You already know that periods end sentences, question marks end questions, and quotation marks are used to indicate spoken words. In this section, you will concentrate on some of the more troublesome punctuation rules: when to use a semicolon, how to use apostrophes correctly, and what a comma can and cannot do in a sentence.

Comma or semicolon?

When you have written a compound sentence, the following rules apply:


Sometimes you may see a comma without a conjunction in a compound sentence. Your teacher might call this a “comma splice.”

Incorrect: The cat jumped, the bird flew away.
Correct: The cat jumped, and the bird flew away.
The cat jumped; the bird flew away.

You might remember it this way: A comma is “wimpy” punctuation. It is not strong enough to separate two complete thoughts (i.e., independent clauses). For the separation to be correct, a writer must use a semicolon instead or insert a conjunction after the comma.

See how you do on the following exercise. Determine whether each sentence is a correctly written sentence. Click “no errors” or “contains errors” after each sentence.

icon for an interactive exercise

Commas splices are easy to correct when you are editing. Simply add a conjunction or remove the comma and separate the clauses with a semicolon. That way, you will avoid writing run-on sentences.

A photograph of a sentence painted on a wall. It reads, “The Sun has got it’s hat on.” should be “its” with no apostrophe

Source: Apostrophe, Renee Rosen-Wakeford, Flickr


Probably the most common confusion with apostrophes is where to place them when you are showing possession. Here are three simple rules to follow.

  1. For all singular nouns, add an ‘s (e.g., whale’s splash or a book’s cover)

  2. For all plural nouns not ending in “s,” add ‘s (e.g., women’s clothing or children’s literature)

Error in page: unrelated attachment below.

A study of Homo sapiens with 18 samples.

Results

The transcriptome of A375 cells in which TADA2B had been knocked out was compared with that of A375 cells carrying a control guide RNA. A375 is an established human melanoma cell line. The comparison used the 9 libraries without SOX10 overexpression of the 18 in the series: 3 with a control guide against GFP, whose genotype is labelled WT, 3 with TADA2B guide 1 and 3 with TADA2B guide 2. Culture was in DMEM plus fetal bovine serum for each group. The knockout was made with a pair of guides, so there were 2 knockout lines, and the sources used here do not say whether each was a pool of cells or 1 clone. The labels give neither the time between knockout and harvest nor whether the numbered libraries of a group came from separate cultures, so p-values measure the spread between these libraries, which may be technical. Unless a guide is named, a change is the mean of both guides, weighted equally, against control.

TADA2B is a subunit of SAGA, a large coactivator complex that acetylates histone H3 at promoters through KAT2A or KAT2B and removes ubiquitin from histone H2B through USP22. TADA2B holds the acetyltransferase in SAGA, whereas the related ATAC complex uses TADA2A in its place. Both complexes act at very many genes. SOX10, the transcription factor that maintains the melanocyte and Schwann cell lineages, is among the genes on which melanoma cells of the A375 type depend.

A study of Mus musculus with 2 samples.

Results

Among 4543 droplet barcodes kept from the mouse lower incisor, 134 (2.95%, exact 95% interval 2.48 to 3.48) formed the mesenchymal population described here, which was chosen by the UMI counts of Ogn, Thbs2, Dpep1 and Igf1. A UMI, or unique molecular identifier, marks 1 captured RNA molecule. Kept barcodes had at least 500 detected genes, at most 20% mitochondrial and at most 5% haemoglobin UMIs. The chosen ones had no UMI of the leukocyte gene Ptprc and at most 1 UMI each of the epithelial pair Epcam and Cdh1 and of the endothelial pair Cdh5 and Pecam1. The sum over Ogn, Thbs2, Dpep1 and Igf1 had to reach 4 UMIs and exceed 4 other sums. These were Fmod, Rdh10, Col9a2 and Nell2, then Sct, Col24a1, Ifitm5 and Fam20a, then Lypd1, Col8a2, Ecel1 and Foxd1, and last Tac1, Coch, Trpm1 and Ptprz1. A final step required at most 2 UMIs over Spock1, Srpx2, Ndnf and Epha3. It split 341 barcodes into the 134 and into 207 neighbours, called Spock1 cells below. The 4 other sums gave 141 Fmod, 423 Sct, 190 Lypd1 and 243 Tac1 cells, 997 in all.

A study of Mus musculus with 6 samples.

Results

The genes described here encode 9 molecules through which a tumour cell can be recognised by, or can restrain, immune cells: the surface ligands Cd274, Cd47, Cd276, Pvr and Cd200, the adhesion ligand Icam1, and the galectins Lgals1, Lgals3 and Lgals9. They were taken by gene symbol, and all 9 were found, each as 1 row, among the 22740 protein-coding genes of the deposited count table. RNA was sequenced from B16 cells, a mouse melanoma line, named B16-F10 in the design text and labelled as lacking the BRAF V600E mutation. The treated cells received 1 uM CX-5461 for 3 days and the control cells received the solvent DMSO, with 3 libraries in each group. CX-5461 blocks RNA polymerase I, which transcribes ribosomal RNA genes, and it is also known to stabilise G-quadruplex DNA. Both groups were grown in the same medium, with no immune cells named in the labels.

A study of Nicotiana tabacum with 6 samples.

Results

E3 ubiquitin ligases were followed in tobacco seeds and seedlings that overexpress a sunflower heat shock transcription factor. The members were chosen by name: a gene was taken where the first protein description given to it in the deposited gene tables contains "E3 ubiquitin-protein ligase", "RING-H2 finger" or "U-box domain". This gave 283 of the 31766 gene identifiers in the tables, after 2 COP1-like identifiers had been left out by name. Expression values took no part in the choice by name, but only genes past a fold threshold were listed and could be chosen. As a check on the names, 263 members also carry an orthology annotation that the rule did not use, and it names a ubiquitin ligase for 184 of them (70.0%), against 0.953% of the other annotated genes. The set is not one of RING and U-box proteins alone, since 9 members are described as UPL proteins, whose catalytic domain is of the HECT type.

3. For all plural nouns ending in “s,” add an apostrophe after the s (e.g., two dogs’ tags or both neighbors’ trees). (Note: If you are showing possession for a plural proper noun, you need to add some additional clues for your reader. We have a family with the last name of Jones. When we need to make that plural to refer to all of them, we write the 'Joneses'. When we need to make that possessive, we add the apostrophe at the end: Joneses' (e.g. the Joneses' dog).
take notes icon In the next set of examples, decide where the apostrophe should be placed in the underlined word. Copy and paste the list into the text editor and make your corrections. When you’re finished, check your understanding to see the correct responses.

  1. A hardware stores hours
  2. Billys bicycle
  3. Two boys lockers
  4. The mens department
  5. My four sisters bedrooms
  6. The rooms atmosphere
  7. The mices hideout
  8. Three deers habitat
  9. Two cars headlights
  10. Many spectators seats

Check Your Understanding

Sample Responses:

  1. A hardware stores hours (There is one hardware store.)
  2. Billys bicycle (There is only one boy named Billy.)
  3. Two boys lockers (There is more than one boy.)
  4. The mens department (This plural noun doesn’t end in “s.”)
  5. My four sisters bedrooms (There is more than one sister.)
  6. The rooms atmosphere (There is only one room.)
  7. The mices hideout (This plural noun doesn’t end in “s.”)
  8. Three deers habitat (This plural noun doesn’t end in “s.”)
  9. Two cars headlights (There is more than one car.)
  10. Many spectators seats (There is more than one spectator.)

Keep in mind the three simple rules, and you should know where an apostrophe should be placed. When you are using your editing strategies, don’t forget to look at apostrophe placement.

Quotation marks vs. underlining (or italicizing)

Photo of two metal opening quotation marks on the outside of a building

Source: The “Library,” quinn.anya, Flickr

When you were in elementary school, the first thing you learned about quotation marks is that they always come in pairs and that they indicate spoken words. However, did you know that quotation marks can be used to indicate certain kinds of titles? Some titles use quotation marks, while other titles must be underlined (when handwritten) or italicized (when typed). How do you know when to use quotation marks and when to underline or italicize? Here is a list of which titles belong in which category.

Quotation Marks Underline/Italics
1. Chapter titles 1. Book titles
2. Article names 2. Magazine names
3. Song titles 3. Lengthy musical works
4. Poems 4. Long poems (such as epics)
5. Newspaper articles 5. Newspaper names
6. Short stories 6. Movie titles
7. Essay titles 7. Television shows

Try the following exercise. Decide whether the title in each sentence should be italicized or have quotation marks placed around it. Click one choice to indicate the correct answer.